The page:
This article was originally published on The Commentator
The City of London, perhaps the UK’s foremost breadwinner, was very loudly and very publicly pro-Remain during the referendum. Most people would then assume Londoners would be advocating and pushing for the lightest Brexit model on the table — continued membership of the EU Single Market.
This is not the case, with many prominent figures in the City now calling for withdrawal from the Single Market. Despite being fearful of Brexit, many now see it as an opportunity to increase the wealth and status of the City of London.
So why did most in the City of London support Remain? The most talked about issue is financial passporting. Here, it is important to remember the EU is very protectionist in its trade policy — it wants to defend EU companies against outside competition.
In order to do this, what is called a ‘financial passport’ exists. It means instead of banks and financial firms having to be authorised separately in every single EU country, they can be authorised to do business in all EU Member States. The right to be able to gain one of these financial passports is only guaranteed by our continued membership of the Single Market.
The City’s greatest fear was being shut out of this system, which would heavily disrupt or even remove their ability to do business in the EU after Brexit.
This fear still exists. It is an important part of its business for the City to be the premier financial centre in Europe, but its key players have begun to see the opportunities Brexit offers.
The EU is on the path to increased over-regulation of the financial industry, with the possibility of an EU-wide financial transaction tax. Being outside this regulation would give the City a massive advantage over the financial centres in Europe such as Frankfurt, and allow it to maintain its dominance.
Financial services regulation was one of the areas the UK was often outvoted on in the European Parliament. Outside the EU and the Single Market, the Treasury would be able to set regulations specific to British needs, which because of the size and importance of our financial sector, are very different to other EU members.
There simply isn’t another truly significant financial centre anywhere in the EU — Paris, Frankfurt and Amsterdam all pale in comparison. This is why Britain was unable to stop a regulation called Mifid2, which was very damaging to small and medium-sized firms based in the City of London. They are just nowhere near as important to other EU countries as they are to the UK.
Rather than a set of rules and regulations over which we have only a minor influence, and an overall environment in which the EU seems indifferent to whether or not our UK financial sector succeeds, we will have regulations which are designed to let the City flourish. This can only be beneficial for our financial sector and the UK as a whole.
For the City to continue to thrive to its fullest, it will need continued financial passporting rights with the EU. Given how important financial services are to the UK’s economy, it is vital this forms a key part of the government’s negotiation strategy.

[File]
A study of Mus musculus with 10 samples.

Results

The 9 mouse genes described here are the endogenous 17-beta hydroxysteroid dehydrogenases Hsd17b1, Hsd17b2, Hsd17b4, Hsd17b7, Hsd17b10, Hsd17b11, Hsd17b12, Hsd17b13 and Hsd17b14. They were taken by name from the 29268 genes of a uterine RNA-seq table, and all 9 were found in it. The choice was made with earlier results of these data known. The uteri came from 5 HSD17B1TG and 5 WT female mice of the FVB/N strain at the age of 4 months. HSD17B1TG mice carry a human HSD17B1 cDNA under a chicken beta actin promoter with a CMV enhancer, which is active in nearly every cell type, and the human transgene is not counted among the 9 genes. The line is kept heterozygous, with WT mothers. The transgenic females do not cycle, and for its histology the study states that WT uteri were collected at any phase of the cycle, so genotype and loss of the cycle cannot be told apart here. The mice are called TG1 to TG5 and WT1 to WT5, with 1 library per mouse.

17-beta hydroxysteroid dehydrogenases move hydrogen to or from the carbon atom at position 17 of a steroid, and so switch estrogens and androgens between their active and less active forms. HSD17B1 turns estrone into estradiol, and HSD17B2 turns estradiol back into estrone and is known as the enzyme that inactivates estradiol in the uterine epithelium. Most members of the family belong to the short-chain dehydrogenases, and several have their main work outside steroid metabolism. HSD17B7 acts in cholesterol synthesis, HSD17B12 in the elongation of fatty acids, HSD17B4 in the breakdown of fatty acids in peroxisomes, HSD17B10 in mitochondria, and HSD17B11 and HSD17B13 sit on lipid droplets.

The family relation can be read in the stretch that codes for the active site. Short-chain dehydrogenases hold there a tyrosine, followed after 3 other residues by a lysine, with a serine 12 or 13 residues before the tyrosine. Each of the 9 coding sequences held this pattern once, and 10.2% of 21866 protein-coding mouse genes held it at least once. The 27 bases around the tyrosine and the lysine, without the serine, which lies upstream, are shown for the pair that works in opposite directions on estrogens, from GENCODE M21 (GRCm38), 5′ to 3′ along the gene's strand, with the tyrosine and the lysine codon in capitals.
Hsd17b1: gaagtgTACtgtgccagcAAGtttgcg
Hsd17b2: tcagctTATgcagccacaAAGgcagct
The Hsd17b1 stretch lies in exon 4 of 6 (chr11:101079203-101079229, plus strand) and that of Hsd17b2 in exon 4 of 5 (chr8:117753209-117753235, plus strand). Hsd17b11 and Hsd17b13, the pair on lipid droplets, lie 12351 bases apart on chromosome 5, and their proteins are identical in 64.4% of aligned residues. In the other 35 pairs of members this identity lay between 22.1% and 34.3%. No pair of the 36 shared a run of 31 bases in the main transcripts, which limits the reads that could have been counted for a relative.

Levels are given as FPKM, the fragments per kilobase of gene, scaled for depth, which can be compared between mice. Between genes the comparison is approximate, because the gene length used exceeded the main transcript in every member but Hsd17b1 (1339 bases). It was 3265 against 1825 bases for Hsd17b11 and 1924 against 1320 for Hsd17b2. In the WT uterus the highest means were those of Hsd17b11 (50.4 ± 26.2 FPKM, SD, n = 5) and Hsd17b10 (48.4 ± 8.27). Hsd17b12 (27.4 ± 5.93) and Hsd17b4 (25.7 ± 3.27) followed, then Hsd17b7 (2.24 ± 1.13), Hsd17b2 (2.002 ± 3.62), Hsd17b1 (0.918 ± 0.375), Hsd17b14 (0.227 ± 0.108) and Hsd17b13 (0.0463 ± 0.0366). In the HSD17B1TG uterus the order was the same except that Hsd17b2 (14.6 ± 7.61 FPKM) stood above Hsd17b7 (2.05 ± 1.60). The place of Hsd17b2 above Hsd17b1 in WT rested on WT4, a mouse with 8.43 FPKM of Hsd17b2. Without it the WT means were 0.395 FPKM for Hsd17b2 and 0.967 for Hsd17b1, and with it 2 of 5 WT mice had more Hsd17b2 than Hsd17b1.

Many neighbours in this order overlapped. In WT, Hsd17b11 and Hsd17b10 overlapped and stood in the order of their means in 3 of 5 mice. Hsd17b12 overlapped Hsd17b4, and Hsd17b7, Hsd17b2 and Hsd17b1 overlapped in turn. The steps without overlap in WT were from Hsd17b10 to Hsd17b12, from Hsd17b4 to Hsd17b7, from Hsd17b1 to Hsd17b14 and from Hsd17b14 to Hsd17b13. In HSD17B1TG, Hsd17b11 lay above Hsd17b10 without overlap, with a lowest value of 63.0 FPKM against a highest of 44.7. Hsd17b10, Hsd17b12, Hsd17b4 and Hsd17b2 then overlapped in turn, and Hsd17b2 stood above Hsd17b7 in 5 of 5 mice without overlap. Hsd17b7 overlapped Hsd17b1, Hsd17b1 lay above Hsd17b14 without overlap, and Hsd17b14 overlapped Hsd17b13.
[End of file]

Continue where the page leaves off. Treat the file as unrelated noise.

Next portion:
These are not the only demands the big companies in the City are likely to make. Much of their workforce comes from abroad, and concerns have been voiced about a potential immigration crackdown. Here, the City clearly will not have to worry. The pre-Brexit immigration system has been a massive hindrance to the ability to recruit from outside the EU, with reams of talent in the rest of the world closed off to them.
Under a new, fairer, points-based system, it will be easier for the City to hire skilled workers from outside the EU, because of the reduction in immigration from the EU. Already more than half of all foreign workers in the financial sector come from non-EU countries. Without the forced preference given to EU workers, this figure would be much higher. The extra skills and talent brought into the City will be a huge boost after Brexit.
Financial passporting rights are worth fighting for in the EU exit negotiations. It would be foolish to ignore the City in Brexit negotiations, given how important it is to the UK’s economy. Without financial passports, City firms would have to operate like their counterparts in Switzerland, who situate very small offices in EU countries to gain the right to do business there, whilst keeping their main operation in Switzerland.
While this would not be a disaster, it would mean it would make more sense for some companies to shift some business into an EU country. Over time, this would be more than replaced by the benefit of being outside EU regulations, but we should look to avoid this if we can.
There are reasons to think financial passport rights are very possible to gain in the negotiations. Many UK banks hold large amounts of EU bank and government debt. With Italian and other countries’ banks being so close to financial disaster, restricting one of their key lines of credit could very well push them over the edge.
To avoid financial chaos for themselves, they will need to continue to do business with the UK financial sector, making continued financial passports — or something similar — a real possibility.
The City of London has a bright future after Brexit. Whilst key players supported Remain for the sake of stability, many are now positive about the opportunities Brexit will bring. Better regulation and immigration rules will benefit the City, and as long as the UK government handles negotiations well, they could still maintain their financial passports.
Once we Get Britain Out of the EU, expect to see the UK financial sector go from strength to strength.